No Gaul, parents galled: French not offered at Belconnen High School

“J’en perds mon latin,” primary school students in the Belconnen district might exclaim in consternation; they are certainly at risk of losing their French.

Children at Hawker and Weetangera primary schools learn French since kindergarten, and expect to continue when they reach Belconnen High School. But Belconnen High discontinued French (and Indonesian) in 2017, due to a shortage of language teachers.

Instead, the high school’s Year 7 and 8 students learn about local Aboriginal cultural heritage and languages (Connecting to Country). The ACT Government requires these grades to learn one of eight priority languages for at least 150 minutes a week, but schools may offer other languages, including Indigenous languages.

From Year 9, Belconnen High students can learn Spanish, Mandarin and Japanese. But no French.

The ACT Government has said they would like to offer French at Belconnen but have not been able to find teachers.

Kristen Baker, a Hawker Primary mother, does not think this is good enough. She has launched a petition to the ACT Legislative Assembly, sponsored by Elizabeth Kikkert MLA, calling for French to recommence at Belconnen, and for the government to attract or train a specialist teacher.

Kristen Baker and daughters Scarlett and Ivy Fox. Picture supplied.

“You’ve got kids learning from four years old,” Ms Baker said. “To stop them in their formative years from cementing that learning is a crying shame.”

Her daughters (now in fifth and sixth grade) have learnt French for seven years – and they want to continue.

“A two-year gap in learning is doing them a disservice,” Ms Baker said. “That break will really set them back.”

Seven years of language learning is almost double what government policy requires and offers learners a strong foundation, Ms Kikkert said.

Ms Baker’s girls were surprised and disappointed when they discovered French was not offered. Her eldest, in particular, has a deep thirst for French culture, and wants to travel or even live there one day.

“You see it feeding their soul in terms of an appreciation of the world outside Canberra. That’s a beautiful thing to watch in your kids.”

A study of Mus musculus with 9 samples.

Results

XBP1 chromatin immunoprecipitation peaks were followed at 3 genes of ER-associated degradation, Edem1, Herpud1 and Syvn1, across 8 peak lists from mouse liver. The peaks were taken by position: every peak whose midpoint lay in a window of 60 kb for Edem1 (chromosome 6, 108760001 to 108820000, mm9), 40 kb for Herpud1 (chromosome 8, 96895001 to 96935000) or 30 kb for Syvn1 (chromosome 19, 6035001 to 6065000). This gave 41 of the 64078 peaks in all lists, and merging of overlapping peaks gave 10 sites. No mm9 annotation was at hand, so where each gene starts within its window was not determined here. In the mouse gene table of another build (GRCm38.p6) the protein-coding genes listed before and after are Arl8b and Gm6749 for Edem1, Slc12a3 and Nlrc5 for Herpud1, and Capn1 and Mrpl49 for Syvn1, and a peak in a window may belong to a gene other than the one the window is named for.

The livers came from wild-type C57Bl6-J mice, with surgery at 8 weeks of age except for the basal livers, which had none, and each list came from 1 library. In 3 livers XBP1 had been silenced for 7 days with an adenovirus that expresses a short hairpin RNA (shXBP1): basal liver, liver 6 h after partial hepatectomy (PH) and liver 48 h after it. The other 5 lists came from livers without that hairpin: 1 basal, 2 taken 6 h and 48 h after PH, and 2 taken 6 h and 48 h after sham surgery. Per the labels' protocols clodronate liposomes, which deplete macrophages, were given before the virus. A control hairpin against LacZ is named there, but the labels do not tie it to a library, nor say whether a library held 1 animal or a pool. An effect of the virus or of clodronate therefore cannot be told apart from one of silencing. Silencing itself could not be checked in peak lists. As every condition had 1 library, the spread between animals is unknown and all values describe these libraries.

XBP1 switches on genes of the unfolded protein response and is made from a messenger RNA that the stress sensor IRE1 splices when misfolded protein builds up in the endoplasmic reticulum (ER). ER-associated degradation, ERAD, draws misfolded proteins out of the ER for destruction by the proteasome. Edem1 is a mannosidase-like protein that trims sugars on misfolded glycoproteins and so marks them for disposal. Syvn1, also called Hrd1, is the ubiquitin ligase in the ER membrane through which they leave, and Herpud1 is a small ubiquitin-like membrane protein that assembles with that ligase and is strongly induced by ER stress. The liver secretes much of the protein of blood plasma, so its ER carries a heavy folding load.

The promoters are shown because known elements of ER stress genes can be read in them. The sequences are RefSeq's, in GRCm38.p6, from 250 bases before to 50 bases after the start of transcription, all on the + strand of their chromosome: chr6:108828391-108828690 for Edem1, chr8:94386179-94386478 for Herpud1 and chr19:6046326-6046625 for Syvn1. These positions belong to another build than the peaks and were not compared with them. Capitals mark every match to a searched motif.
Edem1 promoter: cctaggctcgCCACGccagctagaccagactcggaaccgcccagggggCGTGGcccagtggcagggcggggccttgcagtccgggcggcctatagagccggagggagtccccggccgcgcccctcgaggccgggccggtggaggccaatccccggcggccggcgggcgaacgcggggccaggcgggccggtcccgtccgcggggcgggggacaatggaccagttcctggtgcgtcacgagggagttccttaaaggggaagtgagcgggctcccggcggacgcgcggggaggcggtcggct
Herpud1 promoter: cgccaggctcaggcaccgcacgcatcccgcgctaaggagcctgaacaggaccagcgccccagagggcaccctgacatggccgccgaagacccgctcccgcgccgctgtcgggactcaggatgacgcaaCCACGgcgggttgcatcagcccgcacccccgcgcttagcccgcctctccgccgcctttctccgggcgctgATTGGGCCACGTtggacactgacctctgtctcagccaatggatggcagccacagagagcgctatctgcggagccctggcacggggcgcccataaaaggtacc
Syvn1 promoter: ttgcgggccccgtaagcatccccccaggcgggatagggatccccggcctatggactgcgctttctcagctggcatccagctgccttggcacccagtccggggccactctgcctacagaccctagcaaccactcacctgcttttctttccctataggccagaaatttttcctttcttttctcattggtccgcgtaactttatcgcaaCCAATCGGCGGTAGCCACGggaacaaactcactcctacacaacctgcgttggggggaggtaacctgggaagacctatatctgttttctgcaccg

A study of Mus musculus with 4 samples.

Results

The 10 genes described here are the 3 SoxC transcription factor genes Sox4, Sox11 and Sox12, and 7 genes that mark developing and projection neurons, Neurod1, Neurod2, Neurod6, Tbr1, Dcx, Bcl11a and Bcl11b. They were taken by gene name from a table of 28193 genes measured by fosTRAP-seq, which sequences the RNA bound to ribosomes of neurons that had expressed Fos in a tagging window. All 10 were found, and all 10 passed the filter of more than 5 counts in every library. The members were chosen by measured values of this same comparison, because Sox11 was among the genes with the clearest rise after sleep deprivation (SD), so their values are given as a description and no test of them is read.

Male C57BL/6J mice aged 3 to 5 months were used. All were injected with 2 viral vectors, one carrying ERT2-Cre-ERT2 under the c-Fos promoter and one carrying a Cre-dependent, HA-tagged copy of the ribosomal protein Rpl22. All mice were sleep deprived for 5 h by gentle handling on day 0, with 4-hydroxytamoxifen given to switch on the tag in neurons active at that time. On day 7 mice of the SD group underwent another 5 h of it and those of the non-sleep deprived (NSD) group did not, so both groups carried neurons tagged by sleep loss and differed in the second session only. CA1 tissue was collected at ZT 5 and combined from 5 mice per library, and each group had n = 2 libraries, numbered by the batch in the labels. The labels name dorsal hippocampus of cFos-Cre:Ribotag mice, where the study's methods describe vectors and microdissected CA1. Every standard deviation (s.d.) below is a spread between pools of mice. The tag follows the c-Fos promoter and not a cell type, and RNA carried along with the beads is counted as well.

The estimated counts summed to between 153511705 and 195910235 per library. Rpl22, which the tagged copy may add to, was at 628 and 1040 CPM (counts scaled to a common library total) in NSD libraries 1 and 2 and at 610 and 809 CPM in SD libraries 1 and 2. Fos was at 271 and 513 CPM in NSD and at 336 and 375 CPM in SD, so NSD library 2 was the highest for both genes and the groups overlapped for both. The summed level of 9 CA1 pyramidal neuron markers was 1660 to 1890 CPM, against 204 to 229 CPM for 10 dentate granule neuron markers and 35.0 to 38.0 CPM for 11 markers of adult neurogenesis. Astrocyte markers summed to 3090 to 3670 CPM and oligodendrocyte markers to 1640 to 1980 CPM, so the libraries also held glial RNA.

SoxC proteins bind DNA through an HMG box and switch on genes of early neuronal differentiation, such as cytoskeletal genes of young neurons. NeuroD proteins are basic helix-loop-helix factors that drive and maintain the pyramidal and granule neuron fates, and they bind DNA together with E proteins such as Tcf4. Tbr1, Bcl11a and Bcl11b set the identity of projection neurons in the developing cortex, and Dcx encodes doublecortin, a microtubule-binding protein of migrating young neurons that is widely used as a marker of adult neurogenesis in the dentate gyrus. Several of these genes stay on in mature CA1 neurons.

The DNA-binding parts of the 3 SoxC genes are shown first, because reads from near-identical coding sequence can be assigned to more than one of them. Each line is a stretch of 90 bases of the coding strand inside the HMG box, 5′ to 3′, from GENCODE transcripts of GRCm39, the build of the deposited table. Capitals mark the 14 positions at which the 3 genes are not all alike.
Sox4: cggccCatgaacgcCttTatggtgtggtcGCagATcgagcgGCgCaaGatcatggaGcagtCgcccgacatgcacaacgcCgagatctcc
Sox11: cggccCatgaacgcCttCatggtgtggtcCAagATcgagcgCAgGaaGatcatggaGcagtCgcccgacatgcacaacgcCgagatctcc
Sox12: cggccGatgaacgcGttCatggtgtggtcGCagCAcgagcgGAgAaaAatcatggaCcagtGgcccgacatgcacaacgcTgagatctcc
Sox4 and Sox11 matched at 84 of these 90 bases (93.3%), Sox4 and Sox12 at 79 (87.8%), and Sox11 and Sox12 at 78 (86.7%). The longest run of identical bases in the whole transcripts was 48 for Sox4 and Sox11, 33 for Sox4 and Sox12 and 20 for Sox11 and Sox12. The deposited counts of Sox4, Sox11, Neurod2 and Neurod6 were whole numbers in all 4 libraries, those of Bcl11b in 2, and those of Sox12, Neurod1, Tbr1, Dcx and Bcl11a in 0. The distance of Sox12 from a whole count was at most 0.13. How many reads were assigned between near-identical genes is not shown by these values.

Husband Craig Fox believes learning a language is an investment, and considers it unfair to remove that opportunity. A second language can enrich life and create work opportunities.

“French has brought a different perspective to their education,” Mr Fox said. “I don’t want them to lose that. If there are really good reasons why it’s not continuing, let me know – but if there are not, let’s reconsider it.”

The Bakers believe Connecting to Country should continue, but not at the expense of immersion in language. There are many French tutors in Canberra, Ms Baker said, such as at the Alliance Française; perhaps Belconnen High could offer French outside core hours, after school or in lunchtimes – but that would be another co-curricular activity in a busy life.

Ms Baker is even considering moving outside the Belconnen region for schools if she must.

“If it’s not offered, I think I would have to,” Ms Baker said. “Otherwise, I’m compromising on what I think is important and what my kids feel is important for them. It wouldn’t be ideal; I wouldn’t be happy about it.”

The ACT Education Directorate recruited 13 language teachers for Canberra schools in a national recruitment round last August, and intend to hold another targeted recruitment drive towards the end of the year.

The ACT Government explained French was not offered at Belconnen High School because of difficulties in recruiting French language teachers. Australia was experiencing a nationwide “drought” of language teachers, a spokesperson said, made worse by COVID-19 restrictions on overseas employment.

The ACT Government said they did not have national figures on the shortage of language teachers. The Federal Department of Education, Skills and Employment responded that state and territory government education departments and non-government education authorities that employ teachers and undertake workforce planning were best placed to provide this information.

Ms Baker considers this a catch-22 situation: “If the lack of teaching staff is truly the issue, shouldn’t we be teaching more children?”

She was also concerned other schools might have discontinued languages. She hoped her petition would prompt others to look closely at whether high schools were offering languages, or whether there were gaps in teaching. “I would hate for any other families to find themselves in the same position where they have to work hard to get what arguably should be expected as a basic offering,” Ms Baker said.